Visiting the world of Tibetans in exile
Despite all the options, movies tend to take us to the same old places: New York, San Francisco, Paris, underground parking garages. It's a pleasure, then, to come across a film like "Dreaming Lhasa ," a drama that unfolds amid the crystalline backdrops of Dharamsala and other cities in northern India. Shot by cinematographer Ranjan Palit through high-altitude oxygen, the images have a translucent purity; you feel as if you're seeing the world anew.
Which is good, because the dialogue is pretty old. The performances, too, are as flat as the Ganges Plain . "Dreaming Lhasa" goes a long way on the strength of its exotic visuals and gently urgent narrative, but in the end it doesn't go quite far enough.
Still, it's a Tibetan film -- a rare thing -- made by Tibetans, starring Tibetans, and set in the increasingly desperate exile community of Dharamsala . It has been almost 60 years since China invaded "the Roof of the World," nearly 50 since the Dalai Lama fled over the mountains to India. What does it mean to be Tibetan if you've never even seen your own country?
It's not an idle question to Karma (Tenzin Chokyi Gyatso ), a chic Manhattanite so far removed from her parents' culture she can barely speak the language. In Dharamsala to make a documentary on Tibetan survivors of Chinese government torture (their testimonies punctuate the film like nagging reminders), Karma relies on a local bad boy named Jigme (Tenzin Jigme ) to translate for her. For his part, he can't decide whether she's another Western tourist babe for him to seduce or a sister in the struggle.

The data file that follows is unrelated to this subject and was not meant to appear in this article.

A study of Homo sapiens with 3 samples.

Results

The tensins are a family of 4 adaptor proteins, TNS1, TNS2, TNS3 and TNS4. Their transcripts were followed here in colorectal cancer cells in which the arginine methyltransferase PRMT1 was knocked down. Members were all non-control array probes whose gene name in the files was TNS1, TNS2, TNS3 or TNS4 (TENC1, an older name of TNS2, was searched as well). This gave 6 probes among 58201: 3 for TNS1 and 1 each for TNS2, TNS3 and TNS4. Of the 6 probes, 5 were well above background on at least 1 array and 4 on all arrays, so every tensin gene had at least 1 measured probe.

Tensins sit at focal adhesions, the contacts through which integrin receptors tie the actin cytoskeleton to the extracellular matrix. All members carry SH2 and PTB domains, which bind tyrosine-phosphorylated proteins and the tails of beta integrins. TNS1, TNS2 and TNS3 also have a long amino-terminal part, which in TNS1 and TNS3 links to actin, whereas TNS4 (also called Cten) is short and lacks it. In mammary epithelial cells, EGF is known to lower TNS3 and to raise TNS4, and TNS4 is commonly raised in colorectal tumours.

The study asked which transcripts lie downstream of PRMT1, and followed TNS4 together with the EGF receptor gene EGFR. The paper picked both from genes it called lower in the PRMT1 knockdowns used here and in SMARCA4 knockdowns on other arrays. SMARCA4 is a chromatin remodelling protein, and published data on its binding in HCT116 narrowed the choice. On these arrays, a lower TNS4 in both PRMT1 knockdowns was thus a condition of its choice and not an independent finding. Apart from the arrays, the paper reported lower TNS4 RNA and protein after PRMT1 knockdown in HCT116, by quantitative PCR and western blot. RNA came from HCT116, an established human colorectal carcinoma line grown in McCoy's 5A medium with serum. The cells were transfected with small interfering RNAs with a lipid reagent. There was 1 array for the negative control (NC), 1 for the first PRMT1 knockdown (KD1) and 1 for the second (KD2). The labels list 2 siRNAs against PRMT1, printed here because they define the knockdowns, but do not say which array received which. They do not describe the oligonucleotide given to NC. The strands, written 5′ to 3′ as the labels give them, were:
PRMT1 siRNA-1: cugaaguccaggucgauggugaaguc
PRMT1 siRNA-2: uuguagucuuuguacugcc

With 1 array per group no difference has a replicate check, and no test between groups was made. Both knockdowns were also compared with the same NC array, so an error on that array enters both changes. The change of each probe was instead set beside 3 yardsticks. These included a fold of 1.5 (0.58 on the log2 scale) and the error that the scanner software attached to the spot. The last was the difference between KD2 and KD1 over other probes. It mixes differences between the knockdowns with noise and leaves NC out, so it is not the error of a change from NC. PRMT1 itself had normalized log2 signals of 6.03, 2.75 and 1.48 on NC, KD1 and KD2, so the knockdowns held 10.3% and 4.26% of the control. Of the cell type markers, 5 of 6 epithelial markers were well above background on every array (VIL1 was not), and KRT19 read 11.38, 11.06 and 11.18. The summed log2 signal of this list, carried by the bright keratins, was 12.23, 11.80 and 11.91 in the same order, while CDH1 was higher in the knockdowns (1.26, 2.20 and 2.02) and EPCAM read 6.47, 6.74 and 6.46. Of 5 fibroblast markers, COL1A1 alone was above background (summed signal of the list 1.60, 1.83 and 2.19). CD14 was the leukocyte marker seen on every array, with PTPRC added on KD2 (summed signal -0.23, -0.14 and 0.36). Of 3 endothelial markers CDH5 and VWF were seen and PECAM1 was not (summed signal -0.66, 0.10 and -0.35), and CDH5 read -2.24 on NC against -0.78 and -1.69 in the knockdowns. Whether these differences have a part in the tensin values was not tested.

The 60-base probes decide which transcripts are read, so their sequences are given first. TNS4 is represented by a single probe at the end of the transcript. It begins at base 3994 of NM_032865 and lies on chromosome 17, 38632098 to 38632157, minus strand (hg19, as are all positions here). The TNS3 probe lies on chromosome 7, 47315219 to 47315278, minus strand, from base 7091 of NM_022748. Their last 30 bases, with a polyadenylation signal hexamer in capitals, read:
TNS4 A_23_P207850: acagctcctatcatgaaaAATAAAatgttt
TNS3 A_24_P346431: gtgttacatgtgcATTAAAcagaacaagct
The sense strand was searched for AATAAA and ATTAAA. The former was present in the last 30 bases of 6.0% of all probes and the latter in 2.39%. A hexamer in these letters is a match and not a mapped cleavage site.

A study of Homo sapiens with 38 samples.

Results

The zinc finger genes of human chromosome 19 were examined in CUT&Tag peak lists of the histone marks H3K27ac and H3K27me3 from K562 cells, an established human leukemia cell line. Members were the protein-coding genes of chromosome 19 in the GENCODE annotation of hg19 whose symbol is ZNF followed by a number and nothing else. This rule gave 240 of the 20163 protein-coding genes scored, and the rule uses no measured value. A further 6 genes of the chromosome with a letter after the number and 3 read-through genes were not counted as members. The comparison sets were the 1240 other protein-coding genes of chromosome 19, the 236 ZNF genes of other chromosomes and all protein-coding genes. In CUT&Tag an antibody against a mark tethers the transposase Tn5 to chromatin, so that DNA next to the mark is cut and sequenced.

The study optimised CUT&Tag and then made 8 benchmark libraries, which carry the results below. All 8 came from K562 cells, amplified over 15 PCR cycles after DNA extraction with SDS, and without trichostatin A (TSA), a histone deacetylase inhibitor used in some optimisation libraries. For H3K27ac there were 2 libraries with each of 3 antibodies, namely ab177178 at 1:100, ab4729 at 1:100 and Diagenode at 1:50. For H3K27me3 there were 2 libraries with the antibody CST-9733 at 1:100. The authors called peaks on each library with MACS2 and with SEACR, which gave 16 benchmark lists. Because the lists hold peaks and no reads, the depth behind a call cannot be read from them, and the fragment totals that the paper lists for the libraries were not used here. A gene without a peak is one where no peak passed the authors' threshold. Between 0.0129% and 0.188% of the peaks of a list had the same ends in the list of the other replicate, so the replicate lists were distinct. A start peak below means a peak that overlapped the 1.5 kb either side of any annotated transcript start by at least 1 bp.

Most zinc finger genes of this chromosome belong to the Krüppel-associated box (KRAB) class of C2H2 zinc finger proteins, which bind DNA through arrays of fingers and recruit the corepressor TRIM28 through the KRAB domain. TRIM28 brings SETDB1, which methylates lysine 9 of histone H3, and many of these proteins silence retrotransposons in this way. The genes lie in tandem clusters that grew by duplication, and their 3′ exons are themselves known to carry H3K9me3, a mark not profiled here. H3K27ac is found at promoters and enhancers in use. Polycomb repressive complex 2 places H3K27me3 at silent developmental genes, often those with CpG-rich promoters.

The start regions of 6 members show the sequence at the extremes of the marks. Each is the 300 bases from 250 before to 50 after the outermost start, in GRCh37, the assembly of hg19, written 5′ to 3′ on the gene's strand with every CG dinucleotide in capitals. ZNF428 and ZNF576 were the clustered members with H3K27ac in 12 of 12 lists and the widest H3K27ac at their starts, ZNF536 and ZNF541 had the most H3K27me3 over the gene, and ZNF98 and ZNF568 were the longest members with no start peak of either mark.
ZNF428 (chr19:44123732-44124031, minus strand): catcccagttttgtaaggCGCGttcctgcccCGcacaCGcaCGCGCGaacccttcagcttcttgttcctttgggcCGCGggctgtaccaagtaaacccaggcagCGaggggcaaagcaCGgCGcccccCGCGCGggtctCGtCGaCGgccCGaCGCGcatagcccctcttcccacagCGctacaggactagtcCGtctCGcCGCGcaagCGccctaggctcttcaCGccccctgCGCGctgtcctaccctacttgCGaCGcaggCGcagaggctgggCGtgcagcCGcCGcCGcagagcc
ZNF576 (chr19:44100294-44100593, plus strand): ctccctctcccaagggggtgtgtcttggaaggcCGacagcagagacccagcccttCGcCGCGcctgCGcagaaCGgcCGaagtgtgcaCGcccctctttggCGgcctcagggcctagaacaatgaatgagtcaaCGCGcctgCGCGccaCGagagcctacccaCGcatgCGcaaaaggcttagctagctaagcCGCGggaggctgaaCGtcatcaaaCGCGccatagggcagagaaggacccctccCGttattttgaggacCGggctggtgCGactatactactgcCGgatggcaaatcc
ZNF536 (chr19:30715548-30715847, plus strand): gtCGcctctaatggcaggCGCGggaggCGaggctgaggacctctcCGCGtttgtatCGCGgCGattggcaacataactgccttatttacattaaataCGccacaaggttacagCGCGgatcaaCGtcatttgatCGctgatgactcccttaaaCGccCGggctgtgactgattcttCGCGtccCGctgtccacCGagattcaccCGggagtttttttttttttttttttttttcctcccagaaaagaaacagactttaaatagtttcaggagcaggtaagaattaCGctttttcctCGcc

Karma interviews an imposing Tibetan refugee named Dhondup (Jampa Kalsang ), and he in turn asks her a favor: to return a charm box to an acquaintance of his mother's, a man named Loga , long assumed dead but persistently rumored to be still living. The two journey together to Delhi, Jaipur, and other cities, following a 20-year-old trail that allows filmmakers Ritu Sarin and Tenzing Sonam to fill in the sad, brave back-story of the Tibetan diaspora.
Kalsang has an odd sort of Himalayan-Mastroianni grace and Gyatso is stunning to behold. Unfortunately, the actress is in real life a banker, and her acting skills are about what you'd expect from someone with an international business degree from Georgetown. The delicate not-quite-romance that grows between Karma and Dhondup is seriously hampered by her wan line readings and by dialogue that's functional at best and hamhanded at worst.
Far more interesting is the subplot involving the translator, Jigme, a rangy malcontent torn between fighting on and giving up. The sharpest parts of "Dreaming Lhasa" are the glimpses we get of cynical young men pretending to be monks to get US entry visas, partying at Dharamsala discos with credulous Westerners, and wishing they had the courage to go on a hunger strike like Jigme's friend.
This is something we haven't seen before -- something that doesn't fit onto a "Free Tibet" bumper sticker -- and it's heartbreaking: the slow death of a national soul. The Dalai Lama is glimpsed briefly in a passing car, but the Buddha seems very far away. Karma and Dhondup do get to top up their dharma reserves as they talk to the old men who knew Loga, and good for them. It's the young men in the discos who are losing their history.